Suspected LAX gunman in critical condition

Suspected LAX gunman in critical condition
The landmark, oscillating-color 100 foot-high glass pylons at the LAX entrance will stay blue through Sunday to honor Gerardo I. Hernandez, the first TSA agent to be killed in the line of duty. Hernandez was gunned down by reported gunman, Paul Anthony Ciancia, who walked into Terminal 3 around 9:20 a.m. Friday, pulled out an assault rifle -- believed to be an AR-15 assault rifle -- and began shooting. A murder complaint will be filed by the Justice Department against Ciancia, a prosecutor said today, and the death.penalty is possible. UPI/Jim Ruymen | License Photo

LOS ANGELES, Nov. 2 (UPI) -- The man suspected of killing a security agent at Los Angeles International Airport remained in critical condition Saturday, officials said.

A law enforcement official told the Los Angeles Times the alleged gunman, 23-year-old Paul Ciancia, originally from Pennsville, N.J., was wounded in the head and shoulder in the shootout Friday.


Gerardo I. Hernandez, 39, a Transportation Security Administration officer, was killed and several other people, including two TSA officers, were wounded.

Investigators were trying to determine the motive. Ciancia allegedly had notes in his backpack describing "disappointment in the government" and indicating he had no interest in hurting "innocent people."

Terminal 3 was still closed Saturday, with no information on when it might reopen, CNN reported.

When the shooting started at about 9:20 EDT Friday, many passengers ran out of the terminal leaving their luggage behind. They would be able to retrieve their abandoned belongings at some time yet to be determined Saturday, LAX officials tweeted.


Three terminals were shut down and evacuated, and flights into the airport were restricted for 6 hours, the Times said.

Several planes filled with passengers were forced to park several hours at a remote area of the airport.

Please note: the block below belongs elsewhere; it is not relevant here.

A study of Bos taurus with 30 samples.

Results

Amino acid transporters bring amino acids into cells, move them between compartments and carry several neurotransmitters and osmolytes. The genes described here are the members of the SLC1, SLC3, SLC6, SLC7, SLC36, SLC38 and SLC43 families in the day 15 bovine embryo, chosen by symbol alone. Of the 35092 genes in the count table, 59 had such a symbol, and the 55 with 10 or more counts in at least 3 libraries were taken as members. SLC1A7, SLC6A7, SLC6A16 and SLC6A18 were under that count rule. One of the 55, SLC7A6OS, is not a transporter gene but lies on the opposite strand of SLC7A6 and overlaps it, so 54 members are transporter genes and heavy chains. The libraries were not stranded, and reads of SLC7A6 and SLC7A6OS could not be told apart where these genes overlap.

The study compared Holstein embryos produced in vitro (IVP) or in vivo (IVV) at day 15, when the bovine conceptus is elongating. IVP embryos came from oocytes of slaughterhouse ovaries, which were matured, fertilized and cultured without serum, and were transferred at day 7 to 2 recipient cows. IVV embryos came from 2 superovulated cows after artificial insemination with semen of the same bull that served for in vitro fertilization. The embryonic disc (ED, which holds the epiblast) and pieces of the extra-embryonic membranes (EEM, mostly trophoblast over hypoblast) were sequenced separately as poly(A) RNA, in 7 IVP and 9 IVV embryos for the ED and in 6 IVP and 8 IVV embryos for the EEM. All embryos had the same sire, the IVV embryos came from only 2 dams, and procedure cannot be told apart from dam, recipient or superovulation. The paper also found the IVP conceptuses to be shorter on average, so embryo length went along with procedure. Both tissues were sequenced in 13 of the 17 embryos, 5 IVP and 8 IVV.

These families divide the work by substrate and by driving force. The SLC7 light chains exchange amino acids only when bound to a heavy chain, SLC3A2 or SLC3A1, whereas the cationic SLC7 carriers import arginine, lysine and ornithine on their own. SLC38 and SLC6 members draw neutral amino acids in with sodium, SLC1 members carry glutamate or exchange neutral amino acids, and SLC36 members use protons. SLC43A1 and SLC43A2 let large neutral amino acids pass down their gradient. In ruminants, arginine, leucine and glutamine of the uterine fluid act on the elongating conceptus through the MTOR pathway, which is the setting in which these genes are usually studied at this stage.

Hernandez was the first employee of the 12-year-old TSA to be killed in the line of duty. The union that represents TSA officers said Hernandez was a behavior detection officer who had recently transferred from Montana, KCBS-TV, Los Angeles, reported.

"No words can explain the horror that we experienced today when a shooter took the life of a member of our family and injured two TSA officers at Los Angeles International Airport," the Times quoted TSA Administrator John S. Pistole as saying in a statement.

Airport police Chief Patrick Gannon said Ciancia removed a rifle from a bag outside a TSA screening area, started shooting and moved into the airport with security officers in pursuit.

The gunman pointed his gun at several people as he made his way through the terminal and asked if they "were TSA," then left them unharmed if they answered no, the Times said.

A witness told the newspaper the gunman cursed the TSA repeatedly. The union representing TSA flight screeners said gunman had never been a TSA officer.


The Southern Poverty Law Center, citing a source it did not identify, said Ciancia was carrying a "manifesto" that contained references to the "New World Order," the Federal Reserve and "fiat currency."

KCBS-TV and KNBC-TV said Ciancia sent a text message before he began his attack to a family member in New Jersey saying he felt suicidal. The TV stations said the family called local police in New Jersey, who called Los Angeles police, who went to Ciancia's apartment in an attempt to check on him.

KCBS-TV said Hernandez was taken to the Harbor UCLA hospital where he died. A second victim taken there suffered a minor shoulder wound and was expected to be released soon, the TV station said.

Three other victims were taken to Ronald Reagan UCLA Medical Center in Westwood. One was in critical condition, one in fair condition and the third was released.

Authorities found a large box of ammunition in the airport.

"There were more than 100 more rounds that could've literally killed everybody in that terminal today," Los Angeles Mayor Eric Garcetti said at a news conference.

A man who said he had been a classmate of Ciancia's at a private high school in Delaware five years ago described him as a loner who had been bullied.


"In four years, I never heard a word out of his mouth," said David Hamilton, who graduated with Ciancia from Salesianum School in Wilmington, Del. "He kept to himself and ate lunch alone a lot. I really don't remember any one person who was close to him."